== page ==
Conservative MP: Today we need to make clear why we wouldn’t back unilateral action on Syria

Sarah Wollaston: "People are right to fear that it would risk escalating into a wider conflict with many more deaths" Credit: Sarah Wollaston

In an article for ITV News, Conservative backbencher Dr Sarah Wollaston explains why she will not be backing the Government's motion on Syria today.

Parliament has already done its job in applying the brakes to the headlong rush into military intervention in Syria.

It was clear that the majority of MPs would not be prepared to back unilateral action by the US and Britain. Today we need to make clear why.

I wrote about my own concerns on my website and asked constituents for their views. The response was overwhelmingly opposed to intervention, not because people want to 'turn away' or 'appease' but because they do not believe that dropping bombs on Syria can achieve the stated aims of intervention let alone a lasting peace.

People are right to fear that it would risk escalating into a wider conflict with many more deaths, unlimited costs and no exit strategy.

The motion has now been downgraded to a long list of points.

There is no argument about many of them but there lies within it a dangerous assertion that military intervention is justified.

I welcome the fact that a second vote would be required to sanction force but agreeing to action in principle would make it harder to reject the next vote.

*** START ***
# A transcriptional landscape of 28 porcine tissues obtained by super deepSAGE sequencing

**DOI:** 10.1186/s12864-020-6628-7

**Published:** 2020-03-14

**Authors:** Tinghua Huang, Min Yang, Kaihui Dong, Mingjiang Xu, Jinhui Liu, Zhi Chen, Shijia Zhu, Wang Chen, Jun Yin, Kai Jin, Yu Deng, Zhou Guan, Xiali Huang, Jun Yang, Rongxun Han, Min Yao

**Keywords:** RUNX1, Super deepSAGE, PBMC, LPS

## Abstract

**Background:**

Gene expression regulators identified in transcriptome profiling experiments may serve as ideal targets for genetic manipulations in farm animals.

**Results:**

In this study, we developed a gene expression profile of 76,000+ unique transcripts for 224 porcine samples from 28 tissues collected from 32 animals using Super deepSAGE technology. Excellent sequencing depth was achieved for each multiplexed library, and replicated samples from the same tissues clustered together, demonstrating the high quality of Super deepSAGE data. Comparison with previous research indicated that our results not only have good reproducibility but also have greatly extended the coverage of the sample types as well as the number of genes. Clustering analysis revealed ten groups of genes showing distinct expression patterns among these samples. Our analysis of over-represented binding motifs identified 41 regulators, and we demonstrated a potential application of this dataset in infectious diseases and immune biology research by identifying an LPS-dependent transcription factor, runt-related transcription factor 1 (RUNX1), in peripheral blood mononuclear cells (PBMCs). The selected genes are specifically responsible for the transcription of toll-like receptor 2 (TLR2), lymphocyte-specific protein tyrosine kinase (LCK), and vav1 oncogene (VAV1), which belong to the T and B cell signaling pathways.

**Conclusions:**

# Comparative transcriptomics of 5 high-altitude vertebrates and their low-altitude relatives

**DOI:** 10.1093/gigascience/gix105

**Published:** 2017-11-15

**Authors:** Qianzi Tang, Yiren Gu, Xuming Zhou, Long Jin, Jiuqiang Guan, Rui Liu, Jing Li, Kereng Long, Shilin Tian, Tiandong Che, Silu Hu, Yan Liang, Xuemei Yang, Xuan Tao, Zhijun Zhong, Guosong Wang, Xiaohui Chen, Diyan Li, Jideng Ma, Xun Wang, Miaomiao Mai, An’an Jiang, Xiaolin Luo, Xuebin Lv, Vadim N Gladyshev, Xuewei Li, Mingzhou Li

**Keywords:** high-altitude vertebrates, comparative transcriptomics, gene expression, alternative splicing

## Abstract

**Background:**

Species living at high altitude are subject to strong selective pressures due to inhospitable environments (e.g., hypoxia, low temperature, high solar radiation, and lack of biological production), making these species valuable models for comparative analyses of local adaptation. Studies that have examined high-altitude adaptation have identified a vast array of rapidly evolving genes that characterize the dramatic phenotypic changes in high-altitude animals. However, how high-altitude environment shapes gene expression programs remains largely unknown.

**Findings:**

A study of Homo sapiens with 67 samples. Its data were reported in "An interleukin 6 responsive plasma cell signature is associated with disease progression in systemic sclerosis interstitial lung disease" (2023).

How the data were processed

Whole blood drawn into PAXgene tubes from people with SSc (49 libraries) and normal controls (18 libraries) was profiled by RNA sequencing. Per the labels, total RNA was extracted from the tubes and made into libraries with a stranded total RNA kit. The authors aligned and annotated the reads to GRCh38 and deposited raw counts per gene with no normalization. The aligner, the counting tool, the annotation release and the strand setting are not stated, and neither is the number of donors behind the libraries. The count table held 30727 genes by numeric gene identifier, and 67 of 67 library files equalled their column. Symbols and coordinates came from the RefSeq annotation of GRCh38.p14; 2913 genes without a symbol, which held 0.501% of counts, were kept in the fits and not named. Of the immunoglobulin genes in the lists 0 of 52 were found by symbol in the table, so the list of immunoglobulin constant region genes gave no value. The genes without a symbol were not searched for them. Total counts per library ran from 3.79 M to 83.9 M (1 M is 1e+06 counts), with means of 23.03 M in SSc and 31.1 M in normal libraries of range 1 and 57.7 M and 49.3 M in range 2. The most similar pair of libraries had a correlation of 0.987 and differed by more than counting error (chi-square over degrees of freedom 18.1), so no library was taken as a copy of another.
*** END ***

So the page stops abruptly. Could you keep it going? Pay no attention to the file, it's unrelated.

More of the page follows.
I see no evidence that unilateral intervention would succeed but plenty that it would risk wider escalation, resentment and disempowerment of the groups who need to find lasting solutions like the Arab League.

Lasting peace must come from the region itself not from the West dropping bombs. As in Iraq and Afghanistan, war would be easier to start than finish and leave a legacy of resentment acting as a recruiting sergeant for extremists.

The world's policeman looked the other way when Saddam systematically used chemical weapons against Iran in 1985 and 1986.

The US almost certainly deployed weaponised white phosphorus itself in Iraq and no one should be in any doubt about the effects of that chemical as it sticks to skin and burns through to bone.

The world's policeman is also selling cluster bombs to Saudi, weapons which continue to kill and maim civilians long after the combatants have departed.

Humanitarian assistance does not include bombing in my opinion which is why I continue to be wary of the new motion before the Commons this afternoon.

Dr Sarah Wollaston is the Conservative MP for Totnes. Her views do not necessarily reflect those of ITV News.